Painting of the Day

4 Mar

The Company of Captain Frans Banning Cocq (The Night Watch). by Rembrandt van Rijn (1606-1669). Oil on canvas, 1642. Currently on view at the Rijksmuseum, Amsterdam.

 

Notes from Stokstad and Cothren’s Art History, 4th Edition:

In1642, Rembrandt was one of several artists commissioned by a wealthy civic-guard company to create large group portraits of its members for its new meeting hall. The result, The Company of Captain Frans Banning Cocq, carries the idea of a group portrait as a dramatic event even further. Because a dense layer of grime had darkened and obscured its colors, this painting was once thought to be a nocturnal scene and was therefore called The Night Watch. After cleaning and restoration in 1975-1976, it now exhibits a natural golden light that sets afire the palette of rich colors—browns, blues, olive-green, orange, and red—around a central core of lemon yellow in the costume of the lieutenant. To the dramatic group composition, showing a company forming for a parade in an Amsterdam street, Rembrandt added several colorful but seemingly unnecessary figures. While the officers stride purposefully forward, the rest of the men and several mischievous children mill about. The radiant young girl in the left middle ground, carrying a chicken with prominent claws (klauw in Dutch), may be a pun on the kind of guns (klower) that gave the name (the Kloveniers) to the company. Chicken legs with claws also are part of its coat of arms. The complex interactions of the figures and the vivid, individualized likenesses of the militiamen make this one of the greatest group portraits in the Dutch tradition.

My comments:

This painting evokes such a strong sense of motion that it almost feels like a painting of the civic guard company working on an ordinary night, a “genre” scene of sorts, rather than a portrait. But since many portraits, especially those made by Rembrandt, were intended to reveal the inner identity of the subject rather than just capture his or her likeness, it’s fitting that the portrait depicts the Kloveniers with a milieu of action occurring around them. It communicates to the viewers that the civil guard company keeps quite busy, and that they don’t work in a workshop or study, but among the people that they serve in the open, keeping watch. Rembrandt is also careful, however, to make sure that we understand who the subject is in the painting and do not get overwhelmed by the panoply of figures looking and moving in different directions at different levels in the picture plane. He does this both by placing the main officer and lieutenant in the center of the composition and shining the most light on them, a light that really is inexplicable due to the height at which the light source would logically reside as well as the pointed line of direction it follows.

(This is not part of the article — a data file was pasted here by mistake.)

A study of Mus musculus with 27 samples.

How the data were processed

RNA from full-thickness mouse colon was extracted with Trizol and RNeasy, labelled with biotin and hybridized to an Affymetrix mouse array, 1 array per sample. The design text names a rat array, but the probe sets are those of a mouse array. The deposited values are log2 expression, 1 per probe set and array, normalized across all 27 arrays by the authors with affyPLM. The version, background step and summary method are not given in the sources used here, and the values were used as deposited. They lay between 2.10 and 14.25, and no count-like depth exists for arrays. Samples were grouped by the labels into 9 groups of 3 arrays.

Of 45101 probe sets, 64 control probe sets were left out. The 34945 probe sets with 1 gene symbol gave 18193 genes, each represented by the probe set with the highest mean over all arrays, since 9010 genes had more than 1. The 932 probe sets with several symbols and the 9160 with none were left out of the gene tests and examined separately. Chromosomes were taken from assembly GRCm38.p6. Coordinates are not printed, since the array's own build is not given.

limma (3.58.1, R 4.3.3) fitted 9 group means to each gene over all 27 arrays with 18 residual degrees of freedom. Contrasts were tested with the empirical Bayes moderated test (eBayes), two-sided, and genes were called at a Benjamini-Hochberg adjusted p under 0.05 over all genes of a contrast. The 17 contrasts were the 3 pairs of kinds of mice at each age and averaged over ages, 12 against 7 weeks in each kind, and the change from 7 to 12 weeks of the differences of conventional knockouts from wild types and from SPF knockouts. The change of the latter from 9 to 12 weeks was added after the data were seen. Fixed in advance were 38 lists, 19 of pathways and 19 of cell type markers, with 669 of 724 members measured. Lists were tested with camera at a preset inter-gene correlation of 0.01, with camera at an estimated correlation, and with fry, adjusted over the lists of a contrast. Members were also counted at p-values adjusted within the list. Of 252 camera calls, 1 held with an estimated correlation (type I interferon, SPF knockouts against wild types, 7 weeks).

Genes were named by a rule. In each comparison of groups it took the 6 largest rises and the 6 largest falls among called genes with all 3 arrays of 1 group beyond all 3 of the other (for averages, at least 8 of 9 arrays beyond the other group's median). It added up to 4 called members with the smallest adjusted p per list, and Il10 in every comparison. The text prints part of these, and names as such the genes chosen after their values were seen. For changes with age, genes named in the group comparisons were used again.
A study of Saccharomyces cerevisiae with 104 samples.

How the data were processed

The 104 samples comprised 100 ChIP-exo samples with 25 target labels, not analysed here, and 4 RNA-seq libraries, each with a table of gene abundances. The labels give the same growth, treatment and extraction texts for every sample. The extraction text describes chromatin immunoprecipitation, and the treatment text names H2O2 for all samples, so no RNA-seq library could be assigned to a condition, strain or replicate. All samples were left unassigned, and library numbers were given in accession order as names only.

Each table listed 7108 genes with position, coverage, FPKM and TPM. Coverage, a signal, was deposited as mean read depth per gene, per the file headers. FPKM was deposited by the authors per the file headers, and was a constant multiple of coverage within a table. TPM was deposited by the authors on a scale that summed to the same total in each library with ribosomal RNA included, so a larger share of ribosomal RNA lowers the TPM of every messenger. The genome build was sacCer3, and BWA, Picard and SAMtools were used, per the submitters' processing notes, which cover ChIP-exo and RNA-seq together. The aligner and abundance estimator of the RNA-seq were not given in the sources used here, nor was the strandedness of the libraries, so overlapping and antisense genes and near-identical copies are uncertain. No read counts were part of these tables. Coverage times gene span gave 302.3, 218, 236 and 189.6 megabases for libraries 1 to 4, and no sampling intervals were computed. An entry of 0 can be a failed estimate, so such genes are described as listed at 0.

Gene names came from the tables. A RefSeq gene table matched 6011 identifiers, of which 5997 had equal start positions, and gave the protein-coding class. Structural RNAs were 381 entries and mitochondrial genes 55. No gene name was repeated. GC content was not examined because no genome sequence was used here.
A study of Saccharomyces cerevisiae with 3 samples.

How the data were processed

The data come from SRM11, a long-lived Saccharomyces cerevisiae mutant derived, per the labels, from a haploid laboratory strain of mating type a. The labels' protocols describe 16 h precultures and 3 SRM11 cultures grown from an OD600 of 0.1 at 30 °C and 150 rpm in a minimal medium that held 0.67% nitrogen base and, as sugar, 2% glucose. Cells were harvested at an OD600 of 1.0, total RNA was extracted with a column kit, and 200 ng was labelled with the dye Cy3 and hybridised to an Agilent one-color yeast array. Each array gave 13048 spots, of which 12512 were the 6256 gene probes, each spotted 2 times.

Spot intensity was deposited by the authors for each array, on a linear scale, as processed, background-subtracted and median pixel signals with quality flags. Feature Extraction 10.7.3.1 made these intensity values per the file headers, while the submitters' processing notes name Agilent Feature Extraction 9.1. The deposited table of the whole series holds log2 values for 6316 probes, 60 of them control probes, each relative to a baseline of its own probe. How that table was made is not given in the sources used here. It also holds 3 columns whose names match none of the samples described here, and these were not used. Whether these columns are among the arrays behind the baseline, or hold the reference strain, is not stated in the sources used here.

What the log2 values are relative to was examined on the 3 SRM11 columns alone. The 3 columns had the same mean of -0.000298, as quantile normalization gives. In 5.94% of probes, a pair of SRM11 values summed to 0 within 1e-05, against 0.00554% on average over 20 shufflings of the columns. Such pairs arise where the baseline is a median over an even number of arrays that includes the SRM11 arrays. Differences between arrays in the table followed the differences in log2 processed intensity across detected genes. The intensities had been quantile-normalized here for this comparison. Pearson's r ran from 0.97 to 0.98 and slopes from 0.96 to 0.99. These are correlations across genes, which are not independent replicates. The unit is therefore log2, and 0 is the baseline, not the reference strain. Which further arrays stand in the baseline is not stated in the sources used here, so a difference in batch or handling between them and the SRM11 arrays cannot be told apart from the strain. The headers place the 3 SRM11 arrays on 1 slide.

It’s interesting that the textbook mentions “seemingly unnecessary” figures in the composition. One of the aspects of picture making that we discuss almost every class in Studio Art is the idea of executing intentional formal choices in the painting. Any time an artist creates a formal element in his or her artwork that will make the work steer farther away from the realistic and closer into the realm of the contrived, this product that becomes what the viewer sees must stem from a conscious, intentional decision on the part of the artist. If something such as incorrect perspective or unnatural tonal changes are a mistake in a painting, they swiftly lose their expressive power, and the painting will ultimately just seem flat and devoid of meaning, like an orator with nothing to say. But it is clear that all of Rembrandt’s formal calculations in this painting are completely intentional, for it shows in a painting that captivatingly employs light and crafts a dynamic composition that provides enough interest for hours of viewing.


  1. tara March 5, 2013 at 2:45 pm #

    such a treat to see a Rembrandt . i’d love to see a side by side comparison of before cleaning adn after cleaning.